Retail store window display

With Christmas right around the corner, there will be a slew of last minute gift buyers hitting the stores this weekend. Knowing a few tips for window displays can help bring attention to your business and push some of your best merchandise into the hands of harried shoppers.

Why put the extra effort into a window display? According to AdWeek magazine, Lord & Taylor estimates that more than 500,000 people will pass by its New York City store each day and Macy’s estimates that 15,000 people walk by their store each hour during the holiday season. That’s up from 10,000 per hour at other times of the year.

Presumably, many of these shoppers can be enticed to come into the store and make an impulse purchase. What’s the best way to entice them? A creative window display is certainly one.

Moreover, the window display is a marketing method that costs far less than purchasing an advertisement. After all, the window is included in your rent so you may as well take advantage.

Here are a few tips for how to use window displays to capture attention and (hopefully) induce some impulse buying:

Create a theme
Instead of randomly displaying a mish mash of products, visual designers have found that creating a theme can help hold the viewers’ attention longer. It’s more intriguing to see everything in the display as being part of a larger picture than individual pieces that are not connected.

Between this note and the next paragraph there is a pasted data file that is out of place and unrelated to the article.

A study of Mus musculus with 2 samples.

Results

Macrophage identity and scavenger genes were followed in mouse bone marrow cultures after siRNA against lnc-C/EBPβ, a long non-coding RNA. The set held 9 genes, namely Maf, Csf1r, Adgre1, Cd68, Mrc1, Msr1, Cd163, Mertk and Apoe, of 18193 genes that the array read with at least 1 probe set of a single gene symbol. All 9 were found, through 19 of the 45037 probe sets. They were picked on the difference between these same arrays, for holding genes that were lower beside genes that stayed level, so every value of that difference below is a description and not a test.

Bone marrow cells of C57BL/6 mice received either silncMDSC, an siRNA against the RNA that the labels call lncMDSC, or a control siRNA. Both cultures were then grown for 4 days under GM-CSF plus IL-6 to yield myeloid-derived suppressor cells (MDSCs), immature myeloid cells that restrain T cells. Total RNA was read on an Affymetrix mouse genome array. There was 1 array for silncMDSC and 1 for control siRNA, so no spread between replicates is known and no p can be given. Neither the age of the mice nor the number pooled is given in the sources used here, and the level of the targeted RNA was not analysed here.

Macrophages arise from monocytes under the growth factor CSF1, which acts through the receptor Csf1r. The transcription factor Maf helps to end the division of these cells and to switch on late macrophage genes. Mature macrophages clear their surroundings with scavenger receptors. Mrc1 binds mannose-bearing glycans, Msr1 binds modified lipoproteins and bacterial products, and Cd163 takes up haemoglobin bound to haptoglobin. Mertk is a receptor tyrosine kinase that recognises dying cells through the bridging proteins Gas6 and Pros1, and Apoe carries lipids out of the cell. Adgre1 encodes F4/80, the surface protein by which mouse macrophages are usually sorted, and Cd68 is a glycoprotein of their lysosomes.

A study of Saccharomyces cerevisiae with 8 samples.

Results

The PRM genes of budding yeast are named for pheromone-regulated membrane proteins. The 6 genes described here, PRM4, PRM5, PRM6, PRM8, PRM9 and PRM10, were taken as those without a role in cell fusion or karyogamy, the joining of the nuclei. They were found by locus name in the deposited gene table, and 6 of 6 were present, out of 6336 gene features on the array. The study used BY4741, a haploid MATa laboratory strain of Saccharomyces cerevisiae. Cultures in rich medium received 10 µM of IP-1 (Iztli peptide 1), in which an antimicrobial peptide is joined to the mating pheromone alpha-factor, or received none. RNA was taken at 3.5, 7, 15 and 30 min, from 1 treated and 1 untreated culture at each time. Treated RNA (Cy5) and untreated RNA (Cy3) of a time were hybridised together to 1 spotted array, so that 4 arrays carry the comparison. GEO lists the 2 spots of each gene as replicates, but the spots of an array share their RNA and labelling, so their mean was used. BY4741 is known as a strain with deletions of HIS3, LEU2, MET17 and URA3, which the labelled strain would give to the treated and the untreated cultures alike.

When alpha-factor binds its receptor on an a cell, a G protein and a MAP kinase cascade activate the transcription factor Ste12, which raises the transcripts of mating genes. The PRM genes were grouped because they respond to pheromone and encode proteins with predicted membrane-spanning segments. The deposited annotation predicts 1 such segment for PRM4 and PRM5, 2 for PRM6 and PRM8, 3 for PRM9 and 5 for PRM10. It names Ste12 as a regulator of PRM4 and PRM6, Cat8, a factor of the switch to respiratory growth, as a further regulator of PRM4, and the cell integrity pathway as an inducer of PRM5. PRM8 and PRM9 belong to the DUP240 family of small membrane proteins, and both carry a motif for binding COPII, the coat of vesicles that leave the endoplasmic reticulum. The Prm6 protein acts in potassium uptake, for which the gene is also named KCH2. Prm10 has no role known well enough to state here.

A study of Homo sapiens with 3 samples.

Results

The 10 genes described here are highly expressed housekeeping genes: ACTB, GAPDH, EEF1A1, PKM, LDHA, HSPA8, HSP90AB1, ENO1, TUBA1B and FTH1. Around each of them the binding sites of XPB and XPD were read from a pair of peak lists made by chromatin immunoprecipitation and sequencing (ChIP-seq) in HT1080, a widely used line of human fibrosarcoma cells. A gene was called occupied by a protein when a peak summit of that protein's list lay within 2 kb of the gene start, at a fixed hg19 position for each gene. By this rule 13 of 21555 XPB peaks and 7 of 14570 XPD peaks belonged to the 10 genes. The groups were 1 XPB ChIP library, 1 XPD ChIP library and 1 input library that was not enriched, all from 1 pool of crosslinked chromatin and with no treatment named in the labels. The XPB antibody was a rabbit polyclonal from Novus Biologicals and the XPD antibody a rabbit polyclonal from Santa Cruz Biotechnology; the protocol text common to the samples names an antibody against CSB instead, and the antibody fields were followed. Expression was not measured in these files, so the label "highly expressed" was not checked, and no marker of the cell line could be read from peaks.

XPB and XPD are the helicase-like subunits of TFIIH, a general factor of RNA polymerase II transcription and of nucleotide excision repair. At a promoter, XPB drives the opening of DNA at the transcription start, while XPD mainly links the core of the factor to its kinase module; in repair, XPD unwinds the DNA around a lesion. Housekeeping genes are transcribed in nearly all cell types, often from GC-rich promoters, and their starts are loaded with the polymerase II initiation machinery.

A natural theme for this time of year is Christmas but that idea can be refined to focus on a certain aspect of the holiday, such as family time or snowy weather.

The theme should tell a small story while using colors, props and, of course, your merchandise to build on the concept.

Use color to set a mood
After theme, color may be one of the most important choices for your display. Research has demonstrated that color can influence emotions. Fast food restaurants have long been known to use color to stimulate purchases of food.

So, what color to use for a window display? It depends on what you want to evoke with your scene. According to the Pantone Guide to Communicating With Color by Leatrice Eiseman, cultural backgrounds and traditions will shape one’s reaction to color but there are some general rules that seem to be generalities.

The color red nearly always provokes attention. Pink can been seen as energetic and youthful while orange can be seen as playful, gregarious, happy and childlike. Yellow emulates sunshine, light and warmth. Brown is often seen as ‘down to Earth’ and durable. Blue is strongly associated with the sky and the ocean and, therefore, it evokes reliability, dependability and trustworthiness. Similarly, green elicits pleasant responses while purple can be seen as regal or contemplative.

Use the Rule of 3
Science tells us that humans view symmetry as calming and normal. On the other hand, asymmetry draws the human eye because it’s unbalanced and, in many cases, more interesting to view.

Many retailers have used this psychological tidbit by implementing the Rule of 3 in their store displays. What this means practically is grouping products in sets of three.

The Rule of 3 can be especially effective if you can use it to display three different price variations of a product. In other words, display a product with a baseline version, a better version and the best version. This will allow price conscious shoppers to quickly gauge their options of what’s available from your store.